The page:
Nurse, preparedness coordinator among positions Kim Ens has held in 20 years at Health Department
- on March 15, 2013
The Lawrence-Douglas County Health Department recognized Kim Ens, director of Clinic Services, for 20 years of service during a recent staff meeting. Kim has worn a number of hats over the years and seen a lot changes in public health.
She joined the Health Department in 1993 as a nurse in the Family Planning program. Among her duties were giving sexually-transmitted disease exams, providing pregnancy tests and prescribing birth control.
“In nursing, you never know what’s coming next. You get the opportunity to do a lot of patient education, which I really love and enjoy,” she said.
Three years later, she became coordinator of the Communicable Disease program. She held this position on 9-11 and won’t soon forget fielding countless phone calls from citizens who were worried about bioterrorism. She said, “People were scared. They were worried about the mailing system and there was a lot of panic.”
Soon thereafter, her title changed to preparedness coordinator and she worked with community agencies, like Lawrence-Douglas County Fire and Medical and the Lawrence Police Department, to make sure the Health Department would have the help it needed if an outbreak or bioterrorism event occurred. Kim started the Medical Reserve Corps, a civilian volunteer group, and helped implement Together Prepared, a coalition of agencies that ensure vulnerable populations are included in emergency planning. “We developed a lot of new partners and I think people began to understand what public health is all about,” she said.
Nearly three years ago, Kim was named director of Clinic Services, which means she oversees most of the services that are provided on the first floor of the Health Department — Family Planning, Healthy Families Douglas County and the nursing clinic. Her role also includes fielding requests for community presentations, helping students who need to complete a practicum, working with the pharmacy consultant and overseeing the Advisory Council, a group of Health Department clients. She also has played an instrumental role in helping the Health Department move to a new electronic medical record system. Back when she started, there was only one computer. Today, all of the nurses have computers and many carry a laptop with them.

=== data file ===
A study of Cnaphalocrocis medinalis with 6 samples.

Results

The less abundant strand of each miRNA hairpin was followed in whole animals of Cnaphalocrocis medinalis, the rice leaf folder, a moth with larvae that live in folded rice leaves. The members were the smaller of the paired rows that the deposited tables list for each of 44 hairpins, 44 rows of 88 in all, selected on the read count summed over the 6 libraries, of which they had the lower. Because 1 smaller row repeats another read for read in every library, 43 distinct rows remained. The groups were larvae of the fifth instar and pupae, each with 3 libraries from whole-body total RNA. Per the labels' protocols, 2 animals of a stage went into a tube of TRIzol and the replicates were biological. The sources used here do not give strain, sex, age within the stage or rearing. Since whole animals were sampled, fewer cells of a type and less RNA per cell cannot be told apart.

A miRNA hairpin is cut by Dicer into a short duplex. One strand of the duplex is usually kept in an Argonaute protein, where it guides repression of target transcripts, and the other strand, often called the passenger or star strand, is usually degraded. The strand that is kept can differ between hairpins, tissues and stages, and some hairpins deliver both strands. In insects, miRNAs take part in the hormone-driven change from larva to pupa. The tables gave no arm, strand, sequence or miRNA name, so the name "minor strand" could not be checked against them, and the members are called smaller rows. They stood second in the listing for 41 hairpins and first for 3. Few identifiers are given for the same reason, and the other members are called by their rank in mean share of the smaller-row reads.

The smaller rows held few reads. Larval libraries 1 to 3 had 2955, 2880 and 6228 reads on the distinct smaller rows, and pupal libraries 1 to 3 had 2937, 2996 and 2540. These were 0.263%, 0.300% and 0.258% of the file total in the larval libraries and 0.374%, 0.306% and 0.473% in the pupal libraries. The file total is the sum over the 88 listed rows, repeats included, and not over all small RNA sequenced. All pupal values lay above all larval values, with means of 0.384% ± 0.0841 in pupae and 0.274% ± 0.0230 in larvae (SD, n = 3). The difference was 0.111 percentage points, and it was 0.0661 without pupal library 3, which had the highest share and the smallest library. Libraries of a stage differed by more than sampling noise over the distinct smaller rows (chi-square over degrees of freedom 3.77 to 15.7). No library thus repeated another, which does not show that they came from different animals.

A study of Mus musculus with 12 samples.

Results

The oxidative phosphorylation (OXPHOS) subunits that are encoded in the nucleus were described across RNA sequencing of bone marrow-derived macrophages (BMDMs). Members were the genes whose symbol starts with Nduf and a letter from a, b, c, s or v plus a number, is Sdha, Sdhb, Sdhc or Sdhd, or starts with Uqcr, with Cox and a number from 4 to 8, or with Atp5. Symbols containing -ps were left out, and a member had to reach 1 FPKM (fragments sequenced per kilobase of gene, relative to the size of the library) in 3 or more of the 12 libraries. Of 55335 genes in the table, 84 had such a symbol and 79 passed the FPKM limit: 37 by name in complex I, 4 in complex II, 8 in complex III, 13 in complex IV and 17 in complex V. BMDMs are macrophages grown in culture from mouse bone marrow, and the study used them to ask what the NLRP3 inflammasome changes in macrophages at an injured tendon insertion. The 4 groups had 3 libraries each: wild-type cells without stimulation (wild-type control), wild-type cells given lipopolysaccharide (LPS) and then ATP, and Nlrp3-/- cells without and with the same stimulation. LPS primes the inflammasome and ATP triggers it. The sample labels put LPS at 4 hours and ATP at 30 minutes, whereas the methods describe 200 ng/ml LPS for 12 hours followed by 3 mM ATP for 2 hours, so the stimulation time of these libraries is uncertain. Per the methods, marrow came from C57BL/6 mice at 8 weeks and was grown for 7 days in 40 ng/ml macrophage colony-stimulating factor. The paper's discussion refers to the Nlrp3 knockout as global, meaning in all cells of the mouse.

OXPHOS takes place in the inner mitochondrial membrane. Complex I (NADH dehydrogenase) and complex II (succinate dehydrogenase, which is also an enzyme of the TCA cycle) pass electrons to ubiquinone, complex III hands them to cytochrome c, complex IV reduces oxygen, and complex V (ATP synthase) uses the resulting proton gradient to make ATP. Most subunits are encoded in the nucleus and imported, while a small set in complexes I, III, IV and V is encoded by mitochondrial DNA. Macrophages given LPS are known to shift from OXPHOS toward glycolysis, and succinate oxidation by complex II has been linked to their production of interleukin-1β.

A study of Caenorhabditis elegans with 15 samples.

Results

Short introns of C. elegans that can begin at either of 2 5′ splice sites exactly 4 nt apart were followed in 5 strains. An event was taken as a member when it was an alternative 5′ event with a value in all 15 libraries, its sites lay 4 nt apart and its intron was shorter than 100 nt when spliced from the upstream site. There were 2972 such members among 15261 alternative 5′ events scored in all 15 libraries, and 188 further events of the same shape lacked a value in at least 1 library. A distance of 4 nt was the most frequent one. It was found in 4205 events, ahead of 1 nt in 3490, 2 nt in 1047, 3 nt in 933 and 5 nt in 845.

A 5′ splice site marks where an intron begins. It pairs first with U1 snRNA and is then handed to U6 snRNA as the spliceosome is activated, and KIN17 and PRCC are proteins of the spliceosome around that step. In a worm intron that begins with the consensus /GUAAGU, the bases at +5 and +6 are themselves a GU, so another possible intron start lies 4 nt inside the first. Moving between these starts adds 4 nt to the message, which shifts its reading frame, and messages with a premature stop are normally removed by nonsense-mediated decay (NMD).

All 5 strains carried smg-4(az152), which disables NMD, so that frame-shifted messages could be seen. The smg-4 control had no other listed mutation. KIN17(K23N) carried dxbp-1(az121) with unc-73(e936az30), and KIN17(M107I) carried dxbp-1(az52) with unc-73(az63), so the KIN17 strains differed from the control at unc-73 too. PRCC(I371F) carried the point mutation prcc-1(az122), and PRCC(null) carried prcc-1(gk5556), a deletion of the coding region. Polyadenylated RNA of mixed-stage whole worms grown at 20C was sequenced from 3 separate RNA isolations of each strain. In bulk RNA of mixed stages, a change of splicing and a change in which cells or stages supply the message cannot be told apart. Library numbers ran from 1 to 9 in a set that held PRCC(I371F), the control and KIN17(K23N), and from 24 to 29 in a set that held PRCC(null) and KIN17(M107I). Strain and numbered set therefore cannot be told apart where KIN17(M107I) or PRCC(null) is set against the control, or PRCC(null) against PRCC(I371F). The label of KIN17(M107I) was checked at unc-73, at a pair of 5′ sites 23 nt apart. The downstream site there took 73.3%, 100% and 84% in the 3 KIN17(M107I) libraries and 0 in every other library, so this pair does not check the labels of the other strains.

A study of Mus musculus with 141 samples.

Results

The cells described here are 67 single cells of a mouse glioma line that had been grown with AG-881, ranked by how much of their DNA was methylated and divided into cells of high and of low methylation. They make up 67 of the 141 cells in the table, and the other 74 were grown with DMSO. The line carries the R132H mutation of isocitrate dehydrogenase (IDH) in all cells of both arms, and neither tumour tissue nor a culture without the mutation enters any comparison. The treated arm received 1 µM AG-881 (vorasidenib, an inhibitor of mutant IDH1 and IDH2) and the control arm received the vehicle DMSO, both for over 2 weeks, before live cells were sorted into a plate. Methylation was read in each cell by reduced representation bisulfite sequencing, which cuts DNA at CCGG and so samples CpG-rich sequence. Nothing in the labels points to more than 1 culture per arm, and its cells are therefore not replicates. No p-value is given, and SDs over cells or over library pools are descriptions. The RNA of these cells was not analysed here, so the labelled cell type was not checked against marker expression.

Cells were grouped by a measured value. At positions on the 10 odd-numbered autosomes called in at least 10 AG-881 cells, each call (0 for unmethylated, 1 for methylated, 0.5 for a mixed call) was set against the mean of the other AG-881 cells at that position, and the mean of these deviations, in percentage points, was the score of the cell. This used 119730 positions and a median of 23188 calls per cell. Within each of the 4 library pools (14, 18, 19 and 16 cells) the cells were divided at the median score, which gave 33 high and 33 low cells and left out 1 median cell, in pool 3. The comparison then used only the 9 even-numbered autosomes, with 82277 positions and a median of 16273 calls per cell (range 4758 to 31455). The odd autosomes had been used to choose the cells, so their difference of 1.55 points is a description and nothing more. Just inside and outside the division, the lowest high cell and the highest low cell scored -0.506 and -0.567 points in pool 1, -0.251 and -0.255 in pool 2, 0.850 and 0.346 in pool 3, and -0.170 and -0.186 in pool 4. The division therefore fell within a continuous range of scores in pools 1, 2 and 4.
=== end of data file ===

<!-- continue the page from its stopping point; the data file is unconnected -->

“I love my job. I love the whole mission of public health. I think we help our clients become more independent, especially in Healthy Families and WIC. We provide them with the resources they need to make their lives better.”
Often, she said, the Health Department’s clients are dealt tough issues to overcome. “It’s not a child’s fault that his mom is in prison or his dad is a drug addict, so I get frustrated when people say, ‘They just need to try harder,’” Kim said. “If you didn’t have a good mother or father, how do you know how to be one? I believe we help teach them and help them set goals. I think we provide ways for them to thrive.”
Kim’s longtime colleagues describe her as a great teacher, nurse and problem-solver. They say she is caring, fun loving and a joy to work with.
Shirley Grubbs, public health nurse, has worked with Kim since she started. She said, “Kim is an amazing woman. I think she has been a great advocate for nurses. She is such a caring person.”
Director Dan Partridge described Kim as passionate about making a difference and serving people in need. “What truly sets her apart is her willingness to step out of herself and meet people where they are,” he said.
Kim grew up in Hesston, Kan., and attended Tabor College in Hillsboro, where she met her husband, James. After getting married, they moved to Reynosa, Mexico, where they were house parents for Children’s Haven International for two years. They took care of about nine children, ranging from infants to teenagers, and most of them were orphans. They had no heat or hot water. She recalled collecting leftover food from area restaurants like Pizza Hut and KFC to feed the children. “It was pretty eye-opening for both of us.”
Then, they moved back to Hillsboro and eventually to Lawrence. Kim, who originally wanted to be a social worker, worked in a variety jobs — including waitressing and being a home childcare provider — before earning a nursing degree at Washburn University. Kim also has a bachelor’s degree in health education and a master’s degree in community health, both from the University of Kansas.
Kim hopes residents use the Lawrence-Douglas Health Department as their go-to resource for health information. Not only does the Department provide one-on-one education, but it also works with agencies to provide health services in the community and implement health policies at the state, local and national levels.
“People don’t think of Douglas County has having a lot of needs, but there are,” she said. “There are a lot of people who have issues and I’m looking forward to the Health Department making our community healthier.”